I had the fun of running the Gandy Dancer Trail Marathon this weekend. A dear friend, Christine, invited runners from our run club to partake in this small town event. She offered free lodging and some food. I was sold.
Christine and Katie ran the half marathon and I ran the full. Christine’s boyfriend Paul and Katie’s husband Michael constituted the moral support crew. We arrived early for the race. Paul drove over in one of his restored historic military vehicles. This is a Mighty Mite, a smaller version of the Jeeps made famous in WWII. The Mighty Mites were first prototyped in 1946.
The marathon consisted of two half-marathon out and back distances along the Gandy Dancer Trail. The first one went southbound 6.5 miles and then returned to the start area. The second half of the marathon did the same thing beginning by heading north. The half marathon started an hour after the full and just did the out and back to the north. The weather was comfortable with heavy cloud cover, strong southerly winds and a constant temperature in the upper 50’s. The threatened rain never materialized.
The trail is made of dirt, gravel and occasional stretches of moss. Most of this section of the trail is tree-lined through rural Polk County. It passes through the towns of Milltown, Luck and Frederick. While the thick cloud cover masked the effect, the fall colors were peaking this weekend and provided a beautiful canvas of eye-candy scenery as we made our way up and down the trail. I reconnected with several friends including Jim Wilson, Mary Erb, brothers Craig and Michael Swanson and race director Eric Olson. Good to share a few words and/or steps along the trail with them. If you added up the marathons and ultra marathons completed between Jim, Craig, Michael and Eric, you would have a number close to 500. Eric shared a comment with me before the race. He said when asked why he runs so many marathons, he said “It’s the slowest way to die. And maybe the most expensive.” (He didn’t claim to originate the quote, but liked it.)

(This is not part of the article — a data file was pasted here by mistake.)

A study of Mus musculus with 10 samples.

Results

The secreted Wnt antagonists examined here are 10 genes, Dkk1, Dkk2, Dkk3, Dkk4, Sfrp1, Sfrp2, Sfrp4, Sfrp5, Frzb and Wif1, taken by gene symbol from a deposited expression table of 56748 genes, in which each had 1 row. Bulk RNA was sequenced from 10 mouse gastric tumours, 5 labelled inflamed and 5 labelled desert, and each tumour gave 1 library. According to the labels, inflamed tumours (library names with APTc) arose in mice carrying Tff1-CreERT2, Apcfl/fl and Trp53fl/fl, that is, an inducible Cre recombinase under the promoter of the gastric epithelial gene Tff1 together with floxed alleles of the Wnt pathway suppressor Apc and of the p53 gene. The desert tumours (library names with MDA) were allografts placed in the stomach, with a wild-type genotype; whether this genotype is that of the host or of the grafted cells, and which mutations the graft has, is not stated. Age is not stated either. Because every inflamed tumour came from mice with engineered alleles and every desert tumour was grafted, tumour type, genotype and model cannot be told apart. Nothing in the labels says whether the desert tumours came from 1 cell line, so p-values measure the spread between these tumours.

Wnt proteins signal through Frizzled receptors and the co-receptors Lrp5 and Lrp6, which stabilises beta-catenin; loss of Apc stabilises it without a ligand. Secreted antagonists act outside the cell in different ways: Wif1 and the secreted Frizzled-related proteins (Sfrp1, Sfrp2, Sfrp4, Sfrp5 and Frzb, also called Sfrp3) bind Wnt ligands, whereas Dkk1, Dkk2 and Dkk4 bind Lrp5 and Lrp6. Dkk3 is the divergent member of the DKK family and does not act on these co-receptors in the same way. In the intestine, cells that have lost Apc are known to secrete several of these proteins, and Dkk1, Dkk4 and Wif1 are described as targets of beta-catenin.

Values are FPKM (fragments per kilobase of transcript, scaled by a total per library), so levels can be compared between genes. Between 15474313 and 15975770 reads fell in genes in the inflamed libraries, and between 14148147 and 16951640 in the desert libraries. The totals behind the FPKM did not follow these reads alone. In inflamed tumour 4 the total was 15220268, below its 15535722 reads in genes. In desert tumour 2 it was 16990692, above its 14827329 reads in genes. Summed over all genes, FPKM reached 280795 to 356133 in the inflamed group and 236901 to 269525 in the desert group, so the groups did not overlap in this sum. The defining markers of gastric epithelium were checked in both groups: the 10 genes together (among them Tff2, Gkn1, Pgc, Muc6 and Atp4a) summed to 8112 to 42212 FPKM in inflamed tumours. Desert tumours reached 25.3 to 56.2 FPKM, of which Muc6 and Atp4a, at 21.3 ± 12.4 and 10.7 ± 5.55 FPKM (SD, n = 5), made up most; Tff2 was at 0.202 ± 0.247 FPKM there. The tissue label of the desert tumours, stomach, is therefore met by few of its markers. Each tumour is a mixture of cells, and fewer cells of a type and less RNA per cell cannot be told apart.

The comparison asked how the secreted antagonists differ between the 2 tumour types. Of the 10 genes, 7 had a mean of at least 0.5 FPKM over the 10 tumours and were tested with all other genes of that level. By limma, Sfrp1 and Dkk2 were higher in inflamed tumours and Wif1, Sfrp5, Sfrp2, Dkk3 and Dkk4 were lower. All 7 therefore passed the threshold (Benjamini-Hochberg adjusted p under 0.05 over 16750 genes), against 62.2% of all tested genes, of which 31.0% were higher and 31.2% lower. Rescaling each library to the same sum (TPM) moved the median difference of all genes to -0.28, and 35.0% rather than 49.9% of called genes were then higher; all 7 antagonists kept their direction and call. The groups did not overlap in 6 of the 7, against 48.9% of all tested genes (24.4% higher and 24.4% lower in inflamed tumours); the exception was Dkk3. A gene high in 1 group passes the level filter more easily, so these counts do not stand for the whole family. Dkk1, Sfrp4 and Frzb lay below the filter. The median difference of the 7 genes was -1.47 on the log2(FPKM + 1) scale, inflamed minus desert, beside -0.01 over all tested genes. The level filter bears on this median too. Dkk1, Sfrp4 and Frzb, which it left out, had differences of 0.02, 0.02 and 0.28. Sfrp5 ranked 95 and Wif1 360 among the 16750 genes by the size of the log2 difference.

My race went well for the first twenty miles or so and I stayed ahead of my pace for the Twin Cities Marathon last week, but my legs fatigued a bit too much in the final stretch and my walking breaks helped me to finish thirteen minutes slower than last week (4:56 vs 4:43). I was happy to get another completion and remain injury free. Christine and Katie had good races and we all made it over the finish line.
After the race we returned to Christine’s house for lunch and a special treat. Christine recently moved back to her roots to re-join the family business, Anderson’s Maple Syrup. Her grandparents began a maple syrup side business on their farm in the 1920’s. The business grew to the point where her grand parents gave up farming and went full-time into the syrup business in the 1940’s. Christine’s parents assumed the reins until her brother took over the business in the late 1990’s. The business has grown from the early years into a large scale operation. Before heading home yesterday, Christine took us on a tour of the family business.
After the tour we said our goodbyes and headed on our way.
After arriving home, I called Anne, who was away visiting friends this weekend. After describing my weekend to her, she asked if I had brought home some pure maple syrup. I knew I forgot something! Why am I fighting a serious craving for pancakes today?